Tuesday, August 17, 2010
Review of Rhett Iseman Trull's "The Real Warnings"
The Real Warnings, by Rhett Iseman Trull
Anhinga Press, 2008, 84 pages, $15
I want Rhett Iseman Trull’s book of poems The Real Warnings to have the subtitle “Taking Chances Because What Else Is There” because that is the message of these poems. Presented as one part apology, one part tribute to love and parenting, and all parts acknowledgement of the difficulty of choosing to take risks and the impossibility of choosing not to, The Real Warnings provides vital testimony to the importance of fortitude, persistence, and faith in humanity and oneself.
The opening poem (one of the best) of the collection presents this perspective summarily. The speaker “warns” her parents, “You will burn yourselves on me,” and admonishes “Forget about sleeping / I’ll dominate the prayers you keep sending up . . . . / For every greeting card poem, I will write four / to hurt you. Some will be true.” But she advises prophetically, “You will take one look at that new life screaming / into the world, and open your arms.” As a new parent, myself, I have no difficulty identifying with this course of emotions.
“The Last Good Dream” presents another image of our willingness to take risks, this time in regards to love,
. . . we give
with unthinned hearts, little knowing
how even if banked by the best words
and buoyed by honesty, love can fail.
Or maybe we do know
and unharbor ourselves anyway.
And “Introducing My Brother in the Role of Clark Kent” puts a more specific face on what we’re willing to do for love and how even as we recognize the cost it has exacted from us, we know we would do it again: “he’s calculated that he’s spent / seventy-one-point-two percent of the last three years in her / presence, mostly happy, unwilling to trade a day of it.” One poem after another provides such portraits of persistence despite the warnings and even knowledge of the dangers involved: “The Boy in the Full-Length Women’s Fur Coat” “thinks of her, // the girl he keeps loving / and losing;” the speaker in “Everything from That Point On” says, “I loved you most in that moment, knowing // even as I slipped my arm up the back of your shirt, hooking us // together, that you were about to cut me loose;” and “Hanna” in “Study of Motion” says, “Pursue Joy Now” and moves “to San Francisco” to “do what she loves.”
No naïve romantic, however, the speaker of these poems knows that in pursuit of joy there will be frustration, failure, even desperation, and she knows the appeal of that desperation, that “what feels like the end is the end / only if you pull the trigger” (“The Ice Is Our Only Light”). She knows that along the way the frequently unsatisfying nature of life will lead us to almost unimaginable acts to feel again just the possibility of joy, as in “The House of Pain” where she remarks, “As you leave, what begins to haunt you / is not the blisters that bangle your wrist like opals. / It is not the awful things he did to you / but the yes that you roared as you let him.” Thus, these usually hopeful poems are at times painful, at times heartwrenchingly so, as in the best of them all, “The End of the Hour:”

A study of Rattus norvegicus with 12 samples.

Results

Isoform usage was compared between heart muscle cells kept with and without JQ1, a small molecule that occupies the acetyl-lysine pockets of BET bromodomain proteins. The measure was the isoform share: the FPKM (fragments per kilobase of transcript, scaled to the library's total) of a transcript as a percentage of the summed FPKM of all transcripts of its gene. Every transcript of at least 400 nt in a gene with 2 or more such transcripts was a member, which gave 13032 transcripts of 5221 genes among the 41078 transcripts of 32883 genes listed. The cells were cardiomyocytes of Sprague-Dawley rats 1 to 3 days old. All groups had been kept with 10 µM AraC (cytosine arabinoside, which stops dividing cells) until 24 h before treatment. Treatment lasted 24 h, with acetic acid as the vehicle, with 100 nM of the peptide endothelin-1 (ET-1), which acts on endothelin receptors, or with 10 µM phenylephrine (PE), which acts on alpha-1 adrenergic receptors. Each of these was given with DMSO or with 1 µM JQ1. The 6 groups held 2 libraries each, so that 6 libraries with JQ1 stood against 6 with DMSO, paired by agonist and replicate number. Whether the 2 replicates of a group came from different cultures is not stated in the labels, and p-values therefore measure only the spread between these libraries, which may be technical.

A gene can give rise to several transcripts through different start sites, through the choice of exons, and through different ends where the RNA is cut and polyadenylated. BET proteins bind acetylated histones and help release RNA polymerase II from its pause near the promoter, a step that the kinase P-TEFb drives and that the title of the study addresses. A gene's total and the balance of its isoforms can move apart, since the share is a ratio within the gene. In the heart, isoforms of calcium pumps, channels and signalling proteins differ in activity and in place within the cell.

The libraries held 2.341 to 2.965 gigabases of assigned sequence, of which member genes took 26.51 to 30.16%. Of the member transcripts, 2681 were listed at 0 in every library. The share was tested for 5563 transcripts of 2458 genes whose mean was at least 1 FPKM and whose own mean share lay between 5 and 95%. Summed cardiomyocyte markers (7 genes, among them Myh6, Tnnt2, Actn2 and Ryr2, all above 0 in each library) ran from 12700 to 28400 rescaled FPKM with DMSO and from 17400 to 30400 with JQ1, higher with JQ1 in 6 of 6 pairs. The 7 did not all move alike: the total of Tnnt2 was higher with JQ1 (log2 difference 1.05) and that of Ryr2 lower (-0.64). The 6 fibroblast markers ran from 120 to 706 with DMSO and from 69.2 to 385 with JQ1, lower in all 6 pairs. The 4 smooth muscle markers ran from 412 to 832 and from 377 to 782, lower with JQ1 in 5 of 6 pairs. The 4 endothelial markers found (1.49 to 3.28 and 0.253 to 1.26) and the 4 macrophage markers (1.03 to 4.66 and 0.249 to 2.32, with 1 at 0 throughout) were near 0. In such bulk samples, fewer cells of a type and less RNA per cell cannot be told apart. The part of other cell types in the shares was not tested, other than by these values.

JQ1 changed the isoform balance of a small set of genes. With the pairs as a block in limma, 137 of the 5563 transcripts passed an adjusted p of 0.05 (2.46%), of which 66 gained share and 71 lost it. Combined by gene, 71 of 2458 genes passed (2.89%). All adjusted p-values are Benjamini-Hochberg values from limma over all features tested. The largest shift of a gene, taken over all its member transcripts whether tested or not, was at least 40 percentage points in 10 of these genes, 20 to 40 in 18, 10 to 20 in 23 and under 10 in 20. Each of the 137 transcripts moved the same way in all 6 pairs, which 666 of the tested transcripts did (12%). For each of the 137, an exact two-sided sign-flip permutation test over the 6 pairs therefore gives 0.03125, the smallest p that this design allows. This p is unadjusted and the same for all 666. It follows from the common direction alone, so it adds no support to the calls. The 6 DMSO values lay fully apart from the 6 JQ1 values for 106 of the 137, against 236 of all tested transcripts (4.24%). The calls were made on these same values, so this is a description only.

. . . The hour’s over.
Today’s final question: not why
the scars but where? Where else
did you do that?
. . . . . . . . . .
. . . I
start to remove my blouse, to offer
a look at the marks I scored
that no one’s ever seen. For a moment
I feel human, all masks put away. I will show
her all of it, ugliness I’ve covered until now, but
That’s enough, she scolds, jotting a furious
phrase in her notes before opening the cabinet
with her heel and storing, again, my file.
. . . . . . . . . .
Don’t ask, I think, if you don’t want to know.
but I say, I’m sorry, sorry familiar
as breath, Sorry, sent out the door half-
But what matters most to the anti-nihilist, the existentialist who speaks these poems is the refusal to give up. So, in “Counting Miracles” we hear from a mental hospital resident:
We’ve learned a thing or two
about miracles for the common man,
. . . a nest of robins about to hatch;
fast cars on the highway, going somewhere;
in the sky, webs of lightning . . . .
. . . . . . . . . .
The stars know the danger
of even a bingo-paced Wednesday and light
themselves every night in celebration
of the simple fact of our survival.
And in “The Night before Depakote,” we’re told simply, “It’s enough that we live.” And in “Last Word,” we hear perhaps most clearly from the poet herself the proclamation, “I don’t really want to be a concrete / signature. I want to grow old choosing ink over blood / with which, on the flank of the world, I’ll set my brand.” And, then, since the “last word” is really just the last word in this book-length struggle for hope, we read in the final three poems of the rewards for this victory over despair: “The streets of my heart while sun-licked, well-trafficked, amazed, / hosted a previous traveler or two, but none until you / paused to point out beauty I missed” (“The Streets of My Heart”); “Jeff and I, for the better / part of a year, have been trying to start / a life inside me” (“Sonogram on the Way to Earth”); and “Maybe // we’ll bring into this world five children and ruin / every one” (“Heart by Heart the House”). Such hopeful planning should be the final breath of every difficult day.